Everyone is Very Excited about Zillows' New iPhone App…Auston?


But, behind the scenes of all this excitement Zillow may be killing opportunity. There is a tiny little back story emerging around the launch of the Zillow iPhone app (hat tip: Joseph Ferrera)–it wasn’t the first.

Here is a quick synopsis of iZillow and Auston Bunsen (via: Sellsius Real Estate):

Last year in May I created an iPhone interface for Zillow’s “zestimator” – it was all fun and games, got a little bit of blog coverage/mentions & an overall good response. Zillow seemed to be all for it.

Then the New York Times included it in one of it’s articles – and Zillow asked me to very simply put the words “unofficial version” and a link at the bottom of the app.

No problem. Done. (link added)

Joseph Ferrera eloquently takes you down the legal path and gives a good primer on trademark law. I want to take you down another strategic path–the power of free software development.

Here are a few key points in this controversy:

  • Zillow provides an API (application programming interface) for software developers
  • Typically, this is done to encourage the creation of (a lot of) creative and interesting applications
  • Software engineers get to leveraging the value of your platform and/or data
  • API owners get more users looking at the value of their platform and/or data
  • This is the juice behind Web 2.0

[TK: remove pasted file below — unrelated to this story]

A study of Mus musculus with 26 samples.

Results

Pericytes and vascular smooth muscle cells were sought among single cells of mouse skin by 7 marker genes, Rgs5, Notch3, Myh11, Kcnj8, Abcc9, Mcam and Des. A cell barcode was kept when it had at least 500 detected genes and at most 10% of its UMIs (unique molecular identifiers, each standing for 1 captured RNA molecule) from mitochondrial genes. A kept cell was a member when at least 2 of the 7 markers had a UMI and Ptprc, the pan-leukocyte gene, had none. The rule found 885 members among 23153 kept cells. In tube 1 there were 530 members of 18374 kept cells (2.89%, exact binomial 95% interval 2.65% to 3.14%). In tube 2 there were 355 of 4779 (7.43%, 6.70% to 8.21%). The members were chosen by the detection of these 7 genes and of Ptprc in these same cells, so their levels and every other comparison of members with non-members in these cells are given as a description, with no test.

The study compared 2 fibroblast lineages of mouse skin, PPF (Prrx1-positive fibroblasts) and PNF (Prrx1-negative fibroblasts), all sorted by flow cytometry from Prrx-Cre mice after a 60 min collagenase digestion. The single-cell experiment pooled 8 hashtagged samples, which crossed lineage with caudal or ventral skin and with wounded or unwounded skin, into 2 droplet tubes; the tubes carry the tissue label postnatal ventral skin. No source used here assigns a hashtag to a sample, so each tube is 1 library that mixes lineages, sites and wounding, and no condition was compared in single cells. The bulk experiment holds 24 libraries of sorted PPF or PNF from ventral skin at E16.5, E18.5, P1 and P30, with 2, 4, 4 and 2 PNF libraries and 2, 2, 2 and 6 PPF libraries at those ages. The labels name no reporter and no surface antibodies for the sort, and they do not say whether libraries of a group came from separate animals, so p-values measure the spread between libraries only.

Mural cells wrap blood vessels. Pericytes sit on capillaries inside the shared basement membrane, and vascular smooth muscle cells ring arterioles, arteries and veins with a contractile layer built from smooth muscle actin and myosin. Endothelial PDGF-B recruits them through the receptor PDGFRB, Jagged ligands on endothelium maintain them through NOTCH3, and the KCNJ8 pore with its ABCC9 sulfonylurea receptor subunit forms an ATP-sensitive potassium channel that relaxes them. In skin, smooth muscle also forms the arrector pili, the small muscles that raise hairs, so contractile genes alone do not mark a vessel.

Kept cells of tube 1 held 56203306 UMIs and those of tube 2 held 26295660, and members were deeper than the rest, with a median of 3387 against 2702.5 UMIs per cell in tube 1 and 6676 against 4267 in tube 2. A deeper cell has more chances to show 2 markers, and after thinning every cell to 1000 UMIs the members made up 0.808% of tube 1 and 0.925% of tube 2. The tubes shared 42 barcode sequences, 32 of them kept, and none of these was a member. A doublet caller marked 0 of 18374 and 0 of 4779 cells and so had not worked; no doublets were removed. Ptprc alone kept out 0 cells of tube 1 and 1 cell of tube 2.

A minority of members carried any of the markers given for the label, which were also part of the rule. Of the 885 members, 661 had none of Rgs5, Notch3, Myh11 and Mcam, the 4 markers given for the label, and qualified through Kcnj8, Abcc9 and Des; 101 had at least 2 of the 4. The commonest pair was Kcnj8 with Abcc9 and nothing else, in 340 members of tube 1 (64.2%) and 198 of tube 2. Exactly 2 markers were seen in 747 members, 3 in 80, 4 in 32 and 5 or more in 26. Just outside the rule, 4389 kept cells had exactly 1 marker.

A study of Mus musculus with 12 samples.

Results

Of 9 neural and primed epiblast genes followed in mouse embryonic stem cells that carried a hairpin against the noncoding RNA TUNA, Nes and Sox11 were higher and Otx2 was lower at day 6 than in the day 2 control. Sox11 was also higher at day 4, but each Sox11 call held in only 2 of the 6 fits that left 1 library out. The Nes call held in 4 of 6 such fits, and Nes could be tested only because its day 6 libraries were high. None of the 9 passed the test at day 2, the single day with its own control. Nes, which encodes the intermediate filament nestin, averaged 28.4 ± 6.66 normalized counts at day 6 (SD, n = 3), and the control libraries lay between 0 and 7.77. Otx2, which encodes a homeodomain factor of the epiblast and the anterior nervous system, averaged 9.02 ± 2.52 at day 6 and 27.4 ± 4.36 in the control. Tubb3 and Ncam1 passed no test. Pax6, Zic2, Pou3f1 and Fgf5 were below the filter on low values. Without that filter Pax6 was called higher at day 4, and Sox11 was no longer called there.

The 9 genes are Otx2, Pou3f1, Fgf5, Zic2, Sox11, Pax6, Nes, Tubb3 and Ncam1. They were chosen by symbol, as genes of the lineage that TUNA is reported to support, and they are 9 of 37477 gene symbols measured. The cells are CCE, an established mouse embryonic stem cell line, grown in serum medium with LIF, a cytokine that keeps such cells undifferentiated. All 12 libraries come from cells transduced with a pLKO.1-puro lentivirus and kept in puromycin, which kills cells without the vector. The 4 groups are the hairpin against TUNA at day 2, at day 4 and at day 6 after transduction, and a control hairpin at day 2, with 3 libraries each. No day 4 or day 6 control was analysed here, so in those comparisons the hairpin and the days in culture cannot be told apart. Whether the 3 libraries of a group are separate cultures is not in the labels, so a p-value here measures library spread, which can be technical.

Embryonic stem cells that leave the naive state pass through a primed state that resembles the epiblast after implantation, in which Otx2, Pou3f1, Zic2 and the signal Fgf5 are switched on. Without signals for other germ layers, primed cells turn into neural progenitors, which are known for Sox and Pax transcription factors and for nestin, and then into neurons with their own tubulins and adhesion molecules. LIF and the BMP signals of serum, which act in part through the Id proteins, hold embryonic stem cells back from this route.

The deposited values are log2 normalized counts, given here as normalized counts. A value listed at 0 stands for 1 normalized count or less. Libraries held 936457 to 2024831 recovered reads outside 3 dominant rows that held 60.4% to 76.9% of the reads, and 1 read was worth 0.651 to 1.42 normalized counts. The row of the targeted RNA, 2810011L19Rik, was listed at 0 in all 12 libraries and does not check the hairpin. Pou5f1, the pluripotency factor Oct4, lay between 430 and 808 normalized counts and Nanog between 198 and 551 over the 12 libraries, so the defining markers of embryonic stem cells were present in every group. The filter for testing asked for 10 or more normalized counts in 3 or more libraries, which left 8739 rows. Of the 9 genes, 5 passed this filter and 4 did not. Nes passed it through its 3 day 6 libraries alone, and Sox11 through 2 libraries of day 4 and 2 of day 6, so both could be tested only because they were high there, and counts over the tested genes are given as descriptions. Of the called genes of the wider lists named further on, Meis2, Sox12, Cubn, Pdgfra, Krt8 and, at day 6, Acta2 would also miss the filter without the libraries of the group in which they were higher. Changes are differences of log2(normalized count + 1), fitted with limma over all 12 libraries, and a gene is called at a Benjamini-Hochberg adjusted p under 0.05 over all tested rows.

Software engineers love to create. Often, they are artist. They develop and innovate without regard for the monetization of their creations. They value users using their software, over payment.

Treated well, given a good API, and a little support–they will build thousands of apps, introduce thousands of customers, or enhance the experience of thousands of customers. All to the benefit of your business. Want proof?

Even more importantly, each of these applications creates sticky customers! Ask users of iPhone, Firefox (especially), Twitter why they don’t switch to alternatives. Answer: they can’t live without the apps or plug-ins.

Here is the point: Defend your trademark. However, don’t use your API developer community as competitive intelligence or test marketers. If you do, you will lose a valuable developer network and potential market share.

What are your thoughts? I didn’t interview Auston or Zillow–did I miss some facts (Auston, Drew, or David)? Do you think Zillow is giving up opportunity for a single iPhone app? Do you this Zillow handled the issue well?

UPDATE (via FOREM):

Good news today, however, as the situation seems to have been resolved.

A statement received by this blog this afternoon reads:

We reached an amicable agreement to purchase the URL. I don’t want to discuss the agreed price but it’s more than the $250 he 1st requested.
He can continue to run the site with different branding. Pity this got unnecessarily heated; other than this, Auston seems like a good guy.

Kudos to both parties for being able to come to a friendly agreement.